I have been wanting to make my own soapbars for a while, but found it quite daunting to start with. The recipes I found online used loads of different, expensive oils. And the fact that you use lye scared me too. But I decided to just give it a try. If you don't try, you will never know...

I wanted to make a soap that is not expensive to make. So I didn't want to go to the grocery store and buy five different expensive oils. I wanted to make a soap with inexpensive oils, or oils I had already lying around. So here you have it: how to make natural cold pressed soapbars without breaking the bank.

Step 1: Tools and Materials

Picture of Tools and Materials

To make the soapbars you will need to following:




  1. It's important to not use aluminium tools like bowls or mixing spoons. Aluminium will react to the lye, which you definitely don't want to happen.
  2. I started by using a paint mixer on a drill (see step 10) but definitely use a hand blender! It works waaaay better! (Trust me, I was mixing for a loooong time)
  3. Make the soap in a well ventilated area. The lye-water mixture will produce some gasses you don't want staying in your house.
FranciskoR1 month ago
Over time still kept the same aroma? Or is it getting weaker over time?
I tried another recipe, but the scent of lavender essential oil became imperceptible over the months.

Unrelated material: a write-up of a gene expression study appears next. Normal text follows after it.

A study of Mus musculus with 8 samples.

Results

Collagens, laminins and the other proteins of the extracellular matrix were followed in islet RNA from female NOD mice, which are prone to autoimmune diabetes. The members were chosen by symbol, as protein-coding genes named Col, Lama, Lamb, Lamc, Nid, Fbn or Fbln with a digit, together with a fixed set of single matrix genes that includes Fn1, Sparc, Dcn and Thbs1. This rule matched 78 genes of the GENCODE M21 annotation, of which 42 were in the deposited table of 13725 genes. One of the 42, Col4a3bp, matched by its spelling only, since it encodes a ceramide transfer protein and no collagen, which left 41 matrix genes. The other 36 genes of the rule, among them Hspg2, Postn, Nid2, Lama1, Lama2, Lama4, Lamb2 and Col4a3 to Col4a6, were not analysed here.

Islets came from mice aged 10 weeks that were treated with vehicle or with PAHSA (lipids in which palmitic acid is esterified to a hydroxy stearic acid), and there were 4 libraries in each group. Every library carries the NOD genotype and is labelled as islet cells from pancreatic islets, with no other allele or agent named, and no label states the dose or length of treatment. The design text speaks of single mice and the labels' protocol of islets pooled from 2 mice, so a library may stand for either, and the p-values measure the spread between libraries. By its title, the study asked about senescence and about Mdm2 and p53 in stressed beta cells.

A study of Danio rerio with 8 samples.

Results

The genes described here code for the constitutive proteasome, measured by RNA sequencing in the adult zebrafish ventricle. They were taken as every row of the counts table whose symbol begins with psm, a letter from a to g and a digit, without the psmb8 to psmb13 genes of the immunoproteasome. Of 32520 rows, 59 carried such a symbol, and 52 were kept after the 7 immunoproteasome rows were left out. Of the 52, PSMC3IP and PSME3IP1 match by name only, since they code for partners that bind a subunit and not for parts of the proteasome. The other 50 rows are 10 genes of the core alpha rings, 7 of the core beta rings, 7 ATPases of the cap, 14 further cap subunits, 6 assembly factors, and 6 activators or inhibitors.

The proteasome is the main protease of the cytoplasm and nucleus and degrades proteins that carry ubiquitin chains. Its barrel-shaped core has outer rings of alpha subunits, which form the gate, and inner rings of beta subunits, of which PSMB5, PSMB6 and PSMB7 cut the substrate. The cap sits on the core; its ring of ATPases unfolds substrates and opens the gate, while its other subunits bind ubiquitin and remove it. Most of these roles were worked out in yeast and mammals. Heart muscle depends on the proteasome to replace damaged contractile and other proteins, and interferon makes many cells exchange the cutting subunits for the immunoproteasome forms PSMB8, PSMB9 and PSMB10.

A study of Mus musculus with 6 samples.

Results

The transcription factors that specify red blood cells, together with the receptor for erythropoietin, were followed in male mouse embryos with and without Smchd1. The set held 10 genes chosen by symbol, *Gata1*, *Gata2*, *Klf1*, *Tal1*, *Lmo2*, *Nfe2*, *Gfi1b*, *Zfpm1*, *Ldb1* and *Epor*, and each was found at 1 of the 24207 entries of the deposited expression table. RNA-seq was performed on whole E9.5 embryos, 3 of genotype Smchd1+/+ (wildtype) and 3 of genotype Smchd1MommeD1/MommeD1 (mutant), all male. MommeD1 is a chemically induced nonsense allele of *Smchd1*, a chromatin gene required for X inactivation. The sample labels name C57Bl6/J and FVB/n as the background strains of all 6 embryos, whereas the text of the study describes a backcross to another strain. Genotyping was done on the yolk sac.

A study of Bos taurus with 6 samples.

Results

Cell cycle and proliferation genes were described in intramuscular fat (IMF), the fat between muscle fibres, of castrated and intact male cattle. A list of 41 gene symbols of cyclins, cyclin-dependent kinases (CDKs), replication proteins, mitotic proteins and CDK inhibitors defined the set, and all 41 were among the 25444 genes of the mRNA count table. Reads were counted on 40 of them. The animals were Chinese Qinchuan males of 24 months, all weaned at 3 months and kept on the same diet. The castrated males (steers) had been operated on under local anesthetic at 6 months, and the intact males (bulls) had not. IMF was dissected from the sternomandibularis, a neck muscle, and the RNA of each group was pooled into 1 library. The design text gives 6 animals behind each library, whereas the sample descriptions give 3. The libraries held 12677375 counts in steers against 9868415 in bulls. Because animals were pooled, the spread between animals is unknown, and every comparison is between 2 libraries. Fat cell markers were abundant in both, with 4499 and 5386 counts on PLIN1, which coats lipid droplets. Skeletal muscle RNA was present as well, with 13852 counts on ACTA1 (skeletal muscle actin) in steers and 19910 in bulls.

What should I do to maintain the aroma?
JamieC1568 months ago
2 tips:

1) If you don't have a silicon mold, use ANY container except a metal one, and line it with an inside-out plastic shopping bag. It'll have wrinkles but the soap will be usable. I've used cardboard boxes, plastic baskets, even glass pie plates! Do NOT use waxed paper. It will stick to your soap and the moisture from the batter will seep through to the mold.
2) Your essential oil won't be very noticeable in your cured soap unless you use an ounce or more per pound of oils. The exception to this are the mint and tea tree essential oils. These will be noticeable for a few weeks but they WILL fade over time. If you use a synthetic fragrance, make sure it's made for soap making or you might create an irritating soap or the fragrance oil won't mix properly in the soap batter.
If you want to learn more about making soap watch teaching videos like those at, and join a soaper's forum, like and ask questions.
matrona1 year ago

Congratulations! Very nice :)

Katrienn (author)  matrona1 year ago

Thank you! I really appreciate all the nice comments!


Thank you! I didn't expect to win at all! I'm glad the Instructable I made is appreciated, I really enjoyed making one and I will definitely make more in the future. Also congratulations to you, I really liked your 'ible on the reed diffuser and might need to give it a try!

Ninzerbean1 year ago
This is an excellent ‘ible- I am going to try it cause I’ve always been afraid of lye too. But your directions seem like they will be easy to follow. Thank you ever so, and I voted for you!
Katrienn (author)  Ninzerbean1 year ago
Thank you for your nice comment and vote! I’d love to see the results, feel free to send me a picture!

1) Eso no es Lejía. Es sosa cáustica.

2) Lo que usa es una batidora, no una licuadora.

ReginaR351 year ago
Shouldn't use Soap after's still caustic.
Katrienn (author)  ReginaR351 year ago

Thank you for your comment! The soap should be good to go after 24 - 48 hours. I made it more clear in my Instructable now, thank you for pointing it out. As said in the Instructable it's better to wait for 3 to 6 weeks, but after 24-48 hours it is safe to use the soap.